UK shares fell to three-week lows as investors dumped financial and mining stocks amid renewed fears about Brexit and Rome's budget showdown with Brussels and a sell-off across Asia and Wall Street in tech stocks knocked confidence.
The FTSE 100 <.FTSE> was down 0.5 percent at 1030 GMT, on track for its third straight daily loss, with sentiment also knocked by heavy losses in the euro zone after a report Apple has cut production triggered a global rout in tech stocks.
While the political chaos of last week has largely calmed, investors worried anew about UK Prime Minister Theresa May's struggle to get her draft Brexit deal passed in Brussels and at home, with banks bearing the brunt of the selling.
News from mid-cap lender CYBG that the Clydesdale and Yorkshire Bank owner has started taking contingency measures to handle uncertainties from the country's exit from the European Union reinforced those concerns.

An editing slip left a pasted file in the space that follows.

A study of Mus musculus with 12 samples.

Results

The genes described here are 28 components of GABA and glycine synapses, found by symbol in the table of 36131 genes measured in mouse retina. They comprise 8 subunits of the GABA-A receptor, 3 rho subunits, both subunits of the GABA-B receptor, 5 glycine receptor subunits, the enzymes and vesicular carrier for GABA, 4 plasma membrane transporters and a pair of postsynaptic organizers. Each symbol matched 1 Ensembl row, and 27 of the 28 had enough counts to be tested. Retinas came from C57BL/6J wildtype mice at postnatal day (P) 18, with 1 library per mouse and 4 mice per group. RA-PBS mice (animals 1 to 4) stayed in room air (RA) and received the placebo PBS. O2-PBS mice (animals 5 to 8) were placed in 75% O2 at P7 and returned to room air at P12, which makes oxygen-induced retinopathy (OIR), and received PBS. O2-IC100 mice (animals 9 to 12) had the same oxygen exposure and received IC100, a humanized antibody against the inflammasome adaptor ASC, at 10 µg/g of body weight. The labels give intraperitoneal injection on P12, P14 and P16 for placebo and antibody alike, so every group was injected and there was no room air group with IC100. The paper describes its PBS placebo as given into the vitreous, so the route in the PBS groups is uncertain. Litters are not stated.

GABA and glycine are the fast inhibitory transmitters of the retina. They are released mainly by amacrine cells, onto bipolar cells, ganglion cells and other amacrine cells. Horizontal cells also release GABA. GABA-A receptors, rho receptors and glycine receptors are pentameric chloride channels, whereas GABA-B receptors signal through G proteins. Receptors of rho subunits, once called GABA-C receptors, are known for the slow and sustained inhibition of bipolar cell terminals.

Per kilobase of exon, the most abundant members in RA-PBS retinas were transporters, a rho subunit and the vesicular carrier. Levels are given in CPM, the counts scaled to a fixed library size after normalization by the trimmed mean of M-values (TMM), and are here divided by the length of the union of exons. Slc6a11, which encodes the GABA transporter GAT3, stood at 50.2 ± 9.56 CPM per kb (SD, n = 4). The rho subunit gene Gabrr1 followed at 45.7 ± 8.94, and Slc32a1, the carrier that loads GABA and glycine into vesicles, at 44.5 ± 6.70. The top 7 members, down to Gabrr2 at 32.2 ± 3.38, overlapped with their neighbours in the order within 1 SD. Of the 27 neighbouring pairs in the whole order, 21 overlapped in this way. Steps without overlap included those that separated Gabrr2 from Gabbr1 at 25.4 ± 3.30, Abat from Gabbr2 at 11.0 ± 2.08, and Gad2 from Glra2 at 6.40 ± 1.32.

"Brexit uncertainty is the short answer," said David Madden, market analyst at CMC Markets UK. "It's a case of get the cash out."
Banks <.FTNMX8350> and insurers <.FTNMX8570>, each down 1.8 percent, notched up the biggest declines, with mining companies dropping 1.6 percent as fresh concern about mounting tensions between China and the United States weighed on metals prices.
Among the few corporate earnings as the results season draws to a close, Compass Group and Halma were in demand, rising 3.1 percent and 3.8 percent respectively, as investors cheered cost-cutting efforts.
"With labour inflation the key concern across the sector currently, we think that investors may breathe a sigh of relief with 'in line' results and positive commentary on the top line and margin outlook," said Barclays analysts of Compass.
Electrical engineering company Spectris on the FTSE 250 jumped 10 percent after its numbers.
Elsewhere, dealmaking was in the news, with BTG soaring a third and hitting its highest in more than three years after U.S. medical device maker Boston Scientific agreed to pay 3.3 billion pounds ($4.25 billion) in cash to buy the company.
The purchase price was a 36.6 percent premium over BTG's closing stock on Monday.
Among the losers, small cap KCOM lost more than a third of its market cap and hit its lowest level in nearly eight years after the IT and communications company issued a profit warning.